Federal Officials Close the Investigation into the Death of Native American Woodcarver in Washington State
The U.S. Justice Department and the U.S. Attorney’s Office for the Western District of Washington announced today that they are closing the federal criminal civil rights investigation of a former Seattle Police Department Officer for the fatal shooting of the late Native American woodcarver John T. Williams, and that charges will not be filed.
Officials from the Justice Department’s Civil Rights Division, the U.S. Attorney’s Office and the FBI met today with the brother of the late Mr. Williams and family representatives to inform them of this decision.
The Justice Department conducted a comprehensive and independent investigation of the events surrounding the fatal shooting on Aug. 30, 2010. Federal investigators reviewed the patrol car videos of the incident; the testimony and exhibits admitted at the two-week King County, Wash., Superior Court inquest into this fatal shooting; the interrogatories filled out by the inquest jurors at the completion of the inquest; the report of the Seattle Police Department’s Firearms Review Board; the Seattle Police Department’s homicide investigative file, including all the eyewitness and forensic evidence; the King County Prosecuting Attorney’s Office’s memorandum declining state homicide charges; and the involved officer’s personnel and training files. Federal investigators visited the scene and also conducted interviews of civilian and law enforcement witnesses.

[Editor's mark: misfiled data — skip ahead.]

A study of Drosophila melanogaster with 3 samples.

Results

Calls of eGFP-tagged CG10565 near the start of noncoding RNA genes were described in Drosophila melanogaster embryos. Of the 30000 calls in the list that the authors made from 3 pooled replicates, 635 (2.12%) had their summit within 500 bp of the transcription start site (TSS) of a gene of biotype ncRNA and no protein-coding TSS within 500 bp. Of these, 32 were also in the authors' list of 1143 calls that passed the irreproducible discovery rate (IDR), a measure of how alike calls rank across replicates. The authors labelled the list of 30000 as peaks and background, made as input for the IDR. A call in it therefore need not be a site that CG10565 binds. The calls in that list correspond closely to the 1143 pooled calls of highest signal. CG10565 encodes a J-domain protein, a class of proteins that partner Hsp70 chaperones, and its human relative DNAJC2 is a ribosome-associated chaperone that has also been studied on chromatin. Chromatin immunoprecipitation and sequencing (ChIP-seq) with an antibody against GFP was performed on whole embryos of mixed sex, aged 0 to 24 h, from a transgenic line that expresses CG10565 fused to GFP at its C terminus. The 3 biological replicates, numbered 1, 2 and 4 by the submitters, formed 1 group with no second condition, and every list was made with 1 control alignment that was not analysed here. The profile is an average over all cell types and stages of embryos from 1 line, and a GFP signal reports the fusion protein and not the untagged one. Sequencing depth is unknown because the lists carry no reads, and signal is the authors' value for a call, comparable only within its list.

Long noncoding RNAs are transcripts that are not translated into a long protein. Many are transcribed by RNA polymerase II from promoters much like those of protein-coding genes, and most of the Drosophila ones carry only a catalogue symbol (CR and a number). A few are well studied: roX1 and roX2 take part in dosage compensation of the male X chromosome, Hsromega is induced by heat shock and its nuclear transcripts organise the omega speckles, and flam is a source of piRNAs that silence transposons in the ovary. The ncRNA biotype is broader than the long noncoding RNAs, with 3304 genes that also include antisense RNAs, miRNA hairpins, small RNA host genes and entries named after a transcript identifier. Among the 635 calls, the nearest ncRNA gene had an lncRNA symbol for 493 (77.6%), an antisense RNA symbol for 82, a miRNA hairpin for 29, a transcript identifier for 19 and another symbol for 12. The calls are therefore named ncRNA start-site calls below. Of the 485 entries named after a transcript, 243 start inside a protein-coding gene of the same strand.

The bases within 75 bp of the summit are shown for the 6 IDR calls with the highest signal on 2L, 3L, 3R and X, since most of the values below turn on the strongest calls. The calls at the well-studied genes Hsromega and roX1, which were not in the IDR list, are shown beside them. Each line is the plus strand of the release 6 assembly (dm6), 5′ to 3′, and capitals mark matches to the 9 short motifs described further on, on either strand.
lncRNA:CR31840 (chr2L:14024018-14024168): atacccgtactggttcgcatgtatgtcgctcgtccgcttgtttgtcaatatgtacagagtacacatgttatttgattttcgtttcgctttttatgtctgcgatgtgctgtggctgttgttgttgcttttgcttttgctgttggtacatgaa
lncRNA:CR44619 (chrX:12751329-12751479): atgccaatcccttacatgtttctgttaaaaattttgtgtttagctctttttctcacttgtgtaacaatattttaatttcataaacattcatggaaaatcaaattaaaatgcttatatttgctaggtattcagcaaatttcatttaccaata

Under the applicable federal criminal civil rights laws, prosecutors must establish, beyond a reasonable doubt, that a law enforcement officer willfully deprived an individual of a constitutional right, meaning with the deliberate and specific intent to do something the law forbids. This is the highest standard of intent imposed by law. Accident, mistake, fear, negligence or bad judgment is not sufficient to establish a federal criminal civil rights violation. After a careful and thorough review, a team of experienced federal prosecutors and FBI agents determined that the evidence was insufficient to prove, beyond a reasonable doubt, that the former Seattle Police Officer acted willfully and with the deliberate and specific intent to do something the law forbids.
Accordingly, the investigation into this incident has been closed without prosecution.
The Civil Rights Division, the U.S. Attorney’s Office for the Western District of Washington and the FBI devoted significant time and resources into conducting a thorough and independent investigation. The Justice Department is committed to investigating allegations of excessive force by law enforcement officers and will continue to devote the resources required to ensure that all serious allegations of civil rights violations are fully and completely investigated. The department aggressively prosecutes criminal civil rights violations whenever there is sufficient evidence under the legal standard imposed by law.